Los Angeles solo artist Jaymie Valentine, better known as ‘Cindergarden’, has a vision. Ethereal and other-worldly, inspired by things others cannot see, Cindergarden is driven to creation. This creativity however, needs real-world funding to make it a reality others can share in, and this is where crowd funding comes in. The promise of new material, back catalogue releases and exclusive merchandise are just some of the perks for pledgers Jaymie reveals, as well as a potential new tour.
As we speak your Kickstarter campaign is a quarter complete. What can fans expect if they make a pledge?
The new album manufactured in CD and Vinyl form and lots of new merchandise made available within the pledge rewards such as posters, patches, shirts and more. They can also expect to see some new music videos as a result of the support received. The Lunar Phases video seems to have touched people in a positive way and I feel I can bring them more of that with the help of this campaign. Lastly, a number of back catalogs will be able to be mastered and released finally and some of those on Vinyl as well, if the stretch goal is met.
Have you used Kickstarter before? Was it successful?
As a project creator, I have not. However, I have been involved with other projects that have used startup fundraising successfully. For example, I was the actress in the music video for a song called “Daydream from a Deathbed” by System Syn, filmed by Kelton Jones that was funded via Indiegogo. I have also made some modest pledges to other projects and became familiar with how it works on the contribution end.
What made you decide to fan-fund your next album rather than via a record label/self-funding?
There are really so many elements that go into releasing an album in a “professional” way. Music videos are also essential and a lot goes into them and I want to give my music that gift. I am compelled to honor my visions as if they’re sacred and I understand that funding is something that comes with the territory. All these things cost money – merchandise, videos, promotion. I decided to give the fan base an opportunity to show that they are out there and supporting what I am doing. I have heard from many people over the years saying some really heartfelt things and so I am having faith that they will step forward once they become aware of this project and it’s deadline.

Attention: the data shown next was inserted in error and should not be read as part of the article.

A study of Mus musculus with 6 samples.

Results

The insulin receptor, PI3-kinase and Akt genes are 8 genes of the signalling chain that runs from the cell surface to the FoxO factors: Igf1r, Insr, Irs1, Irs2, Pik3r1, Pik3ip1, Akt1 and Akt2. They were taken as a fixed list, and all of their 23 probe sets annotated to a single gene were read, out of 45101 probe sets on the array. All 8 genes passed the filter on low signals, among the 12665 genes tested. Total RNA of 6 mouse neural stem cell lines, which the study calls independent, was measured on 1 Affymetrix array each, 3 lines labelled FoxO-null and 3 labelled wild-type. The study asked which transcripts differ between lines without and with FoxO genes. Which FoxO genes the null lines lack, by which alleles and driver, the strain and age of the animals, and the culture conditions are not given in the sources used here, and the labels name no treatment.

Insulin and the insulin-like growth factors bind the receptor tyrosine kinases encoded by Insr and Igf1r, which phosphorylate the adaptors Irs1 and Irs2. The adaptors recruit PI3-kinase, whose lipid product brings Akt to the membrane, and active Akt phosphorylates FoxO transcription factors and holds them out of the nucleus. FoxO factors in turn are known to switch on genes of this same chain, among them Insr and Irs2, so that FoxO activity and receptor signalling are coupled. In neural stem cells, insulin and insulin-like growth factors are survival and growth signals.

Can you tell us anything about the forthcoming album? Is it a progression of Cindergarden’s sound or something completely different?
Well, it definitely goes to some new places. It is different and yet it also makes sense in the context of all the work I have ever done. There are elements from super early eras and in some ways it displays a “full circle” effect. Definitely some of my favorite material that I have done so far is contained within the new album. The vibe is really its own thing, as a whole body of songs it really doesn’t sound like anything else out there although as always it reflects the myriad of influences around me.
Do you plan to tour if the campaign is a success?
You also talk about making exciting artistic music videos to accompany the new tracks. What inspires you when creating visuals?
Most of my creative processes are an intuitive stream of consciousness. Concepts develop over time as details become more and more involved. They may first begin to develop when imagery strikes me through some experience and then appears as a vibrational match with the music. The imagery is powerful enough that I will feel it tells a story even if I don’t directly reveal what that story is.
Do you have any other creative projects outside of Cindergarden or does she take all your creative energy?
For the past several years I have done many other creative projects for freelance work. I designed the sound and composed music for a major Halloween Theme park attraction in southern California for 6 years. I’ve also done some composition for a few films and even some non-profit organizations such as The Humane Society and Love Machine Films. Sometimes doing freelance work drains me a little creatively but then again it gives me the opportunity to develop more proficiency at my craft or at least keep my synapses rising to new challenges.
You recorded a video of yourself talking about the campaign, but also said that you were shy doing it. How does ‘Jaymie’ compare to ‘Cindergarden’? Does your alter ego enable your more wild, creative side to shine? Or are they both one and the same?
Hmmmm, I can have a pretty reserved personality when it comes to speaking publicly. In many other ways I can come across as wild or comfortable with attention. The way I dress, for example, is definitely seen as an extroverted expression. It’s not uncommon for me to be quiet in a group setting but then you may find me on the floor doing yoga and connecting more in a vibration way rather than verbal. Cindergarden is who I really am, and who I am still becoming.
Check out Cindergarden’s Kickstarter campaign for their new album Architectures of the Wild Becoming.